The last few days of my deercation were the ones I was looking forward to the most. Since our college days, a group of us have been getting together at least once a year to hunt public land in southern Ohio. It all started many years ago with gun season, but quickly transitioned to spending more time together during bow season. We've been "keeping it public" long before "keeping it public" was cool, and our time at deer camp is something I truly look forward to every year.
A good deer camp has a magical way of letting friends pick up exactly where they left off. At camp we eat like kings, laugh until it hurts and make our time together an adventure. There's old war stories relived while new memories are being made. We wake up earlier, hike in farther, stay later and hunt harder than we do when we're all hunting separately back home... where ever each other's home hunting grounds may be. There are no trail cameras, no deer with names, no food plots and no corn piles. We review maps, supplemented with the latest apps to formulate ideas on new spots to hang and hunt. Then we mix in real-time boot leather, a dash of woodsmanship and a sprinkle of tribal knowledge to create our strategies. This recipe usually results in at least one or two good bucks taken at camp every year.
The first afternoon, Marc and I decided to put the venison vessel in the water and hunt "the swamp." Another quality all good deer camps share are names of specific places. In addition to "the swamp" there's places like "the secret spot" and "the horse farm" along with everybody's favorite, "the shit-stir." I could try to explain, but some things are better left a mystery. The swamp is accessed by boat so it doesn't see as much pressure as the other roadside walk in areas, although people do hunt it. It's public land in Ohio so chances are somebody is hunting it.
I dropped off Marc to hunt the top end then I ventured on, heading toward one of those predetermined way-points already pinned on my phone app. As the canoe quietly cut along the river channel, I must have jumped at least 50 wood ducks and a few mallards. The drake woods ducks looked amazing in the afternoon light. A short paddle later I pulled the boat ashore and diagnosed every tree in the vicinity of several well-worn trails. My stand was promptly hung among a selection with some cover and a favorable wind. I settled in for the afternoon hunt.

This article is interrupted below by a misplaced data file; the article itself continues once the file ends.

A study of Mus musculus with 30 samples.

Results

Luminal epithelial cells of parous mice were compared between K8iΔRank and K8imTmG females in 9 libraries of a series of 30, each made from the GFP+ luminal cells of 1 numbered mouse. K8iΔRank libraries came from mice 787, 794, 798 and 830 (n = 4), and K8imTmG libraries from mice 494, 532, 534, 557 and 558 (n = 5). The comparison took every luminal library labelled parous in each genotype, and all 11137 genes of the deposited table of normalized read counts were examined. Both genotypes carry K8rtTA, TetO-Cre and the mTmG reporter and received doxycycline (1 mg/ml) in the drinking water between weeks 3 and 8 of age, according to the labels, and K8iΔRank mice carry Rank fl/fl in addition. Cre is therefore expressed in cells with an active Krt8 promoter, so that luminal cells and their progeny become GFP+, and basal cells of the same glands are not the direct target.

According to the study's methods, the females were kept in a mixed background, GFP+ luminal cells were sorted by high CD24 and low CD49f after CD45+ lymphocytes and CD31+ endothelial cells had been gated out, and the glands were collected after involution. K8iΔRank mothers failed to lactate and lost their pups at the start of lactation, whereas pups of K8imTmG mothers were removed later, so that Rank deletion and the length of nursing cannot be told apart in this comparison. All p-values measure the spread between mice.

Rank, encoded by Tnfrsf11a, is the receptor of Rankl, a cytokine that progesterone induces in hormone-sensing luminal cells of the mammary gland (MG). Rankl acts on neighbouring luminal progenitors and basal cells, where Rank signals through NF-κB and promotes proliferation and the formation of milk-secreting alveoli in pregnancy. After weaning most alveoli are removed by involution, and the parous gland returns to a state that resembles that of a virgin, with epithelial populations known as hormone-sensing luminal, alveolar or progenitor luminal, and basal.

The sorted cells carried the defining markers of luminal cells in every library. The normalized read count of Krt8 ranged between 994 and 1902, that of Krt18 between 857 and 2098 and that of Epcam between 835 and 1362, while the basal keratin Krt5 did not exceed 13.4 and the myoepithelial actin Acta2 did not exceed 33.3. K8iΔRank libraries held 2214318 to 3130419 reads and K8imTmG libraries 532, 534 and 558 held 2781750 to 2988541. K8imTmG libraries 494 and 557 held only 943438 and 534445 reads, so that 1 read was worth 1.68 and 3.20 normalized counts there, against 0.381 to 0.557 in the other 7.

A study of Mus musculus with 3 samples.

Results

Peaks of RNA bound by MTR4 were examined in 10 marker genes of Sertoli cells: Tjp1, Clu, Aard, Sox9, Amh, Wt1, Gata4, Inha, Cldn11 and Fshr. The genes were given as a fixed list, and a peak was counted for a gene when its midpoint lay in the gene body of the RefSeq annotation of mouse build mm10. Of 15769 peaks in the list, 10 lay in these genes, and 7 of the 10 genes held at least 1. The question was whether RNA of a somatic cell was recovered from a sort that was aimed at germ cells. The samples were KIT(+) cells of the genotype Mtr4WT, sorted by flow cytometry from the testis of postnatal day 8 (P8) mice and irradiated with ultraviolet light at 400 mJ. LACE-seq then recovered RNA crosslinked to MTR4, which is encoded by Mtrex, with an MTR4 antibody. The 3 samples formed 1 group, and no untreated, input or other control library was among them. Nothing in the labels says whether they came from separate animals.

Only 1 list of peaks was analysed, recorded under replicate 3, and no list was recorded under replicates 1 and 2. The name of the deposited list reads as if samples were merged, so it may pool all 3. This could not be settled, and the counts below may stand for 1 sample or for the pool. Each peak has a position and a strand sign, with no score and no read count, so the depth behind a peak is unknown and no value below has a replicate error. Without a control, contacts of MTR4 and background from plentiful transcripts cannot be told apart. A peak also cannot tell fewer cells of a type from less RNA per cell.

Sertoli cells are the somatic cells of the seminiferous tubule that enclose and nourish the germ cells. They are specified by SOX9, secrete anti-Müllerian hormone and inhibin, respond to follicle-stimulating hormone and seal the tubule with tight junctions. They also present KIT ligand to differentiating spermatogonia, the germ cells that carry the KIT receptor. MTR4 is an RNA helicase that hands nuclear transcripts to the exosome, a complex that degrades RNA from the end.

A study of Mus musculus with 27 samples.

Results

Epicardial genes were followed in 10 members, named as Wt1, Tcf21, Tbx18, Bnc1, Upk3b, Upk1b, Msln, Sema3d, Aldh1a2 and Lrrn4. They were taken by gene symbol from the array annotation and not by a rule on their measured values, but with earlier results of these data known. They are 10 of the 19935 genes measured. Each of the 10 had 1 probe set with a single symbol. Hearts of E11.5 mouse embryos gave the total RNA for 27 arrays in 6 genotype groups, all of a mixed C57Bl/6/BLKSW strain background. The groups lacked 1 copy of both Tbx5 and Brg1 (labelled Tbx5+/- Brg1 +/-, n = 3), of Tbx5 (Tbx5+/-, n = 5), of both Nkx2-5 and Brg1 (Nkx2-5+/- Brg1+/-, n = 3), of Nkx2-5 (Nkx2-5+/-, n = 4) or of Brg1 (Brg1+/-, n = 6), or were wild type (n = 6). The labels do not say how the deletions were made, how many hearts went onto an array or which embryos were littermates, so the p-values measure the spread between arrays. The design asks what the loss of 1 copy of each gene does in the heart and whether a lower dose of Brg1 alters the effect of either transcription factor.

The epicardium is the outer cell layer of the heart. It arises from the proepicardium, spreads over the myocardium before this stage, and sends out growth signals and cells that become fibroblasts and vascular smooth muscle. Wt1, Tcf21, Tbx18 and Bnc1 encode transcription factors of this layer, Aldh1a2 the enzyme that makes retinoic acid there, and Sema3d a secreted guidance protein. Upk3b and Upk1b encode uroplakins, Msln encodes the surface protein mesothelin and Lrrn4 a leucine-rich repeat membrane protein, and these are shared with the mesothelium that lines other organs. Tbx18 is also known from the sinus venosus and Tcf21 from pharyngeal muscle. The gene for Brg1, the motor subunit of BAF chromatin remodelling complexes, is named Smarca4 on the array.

Not much happened until the last part of the evening when two does wandered in from behind my stand. They made themselves at home underneath me for quite a while, browsing away on everything green. Hoping a buck would soon follow I was stranding, bow in hand, release on my d-loop. Suddenly they both picked their heads up and looked to my left. I could hear the steps approaching but didn't want to move too quickly as the does were right beneath my feet. With my eyes strained to the left I could see another doe joining the party. Still optimistic that perhaps she would be luring a buck along I scanned the woods. No suitors in pursuit.
Now there were three does under my feet with shooting light fading. I continued surveying the area for a cruising buck while debating whether or not to take a shot at one of the does. It seemed as though they were going to be dining underneath me for a while, but my time was setting like the sun. The decision was made. As the largest of the three turned broadside the string was drawn back toward my face. Feet, grip, anchor, pin, follow. That mantra repeated thousands of times during practice becomes automatic in the moment.
The shot felt good, the arrow looked good, I felt certain I heard the deer crash after a short scramble through the brush. I paddled up to Marc and we returned to retrieve my deer. The trail was a short one and easy to follow. Just like you want. We recovered the doe within 50 yards of where my arrow passed through and stuck in the ground. Thanks was given, new memories were made and I was fulfilled.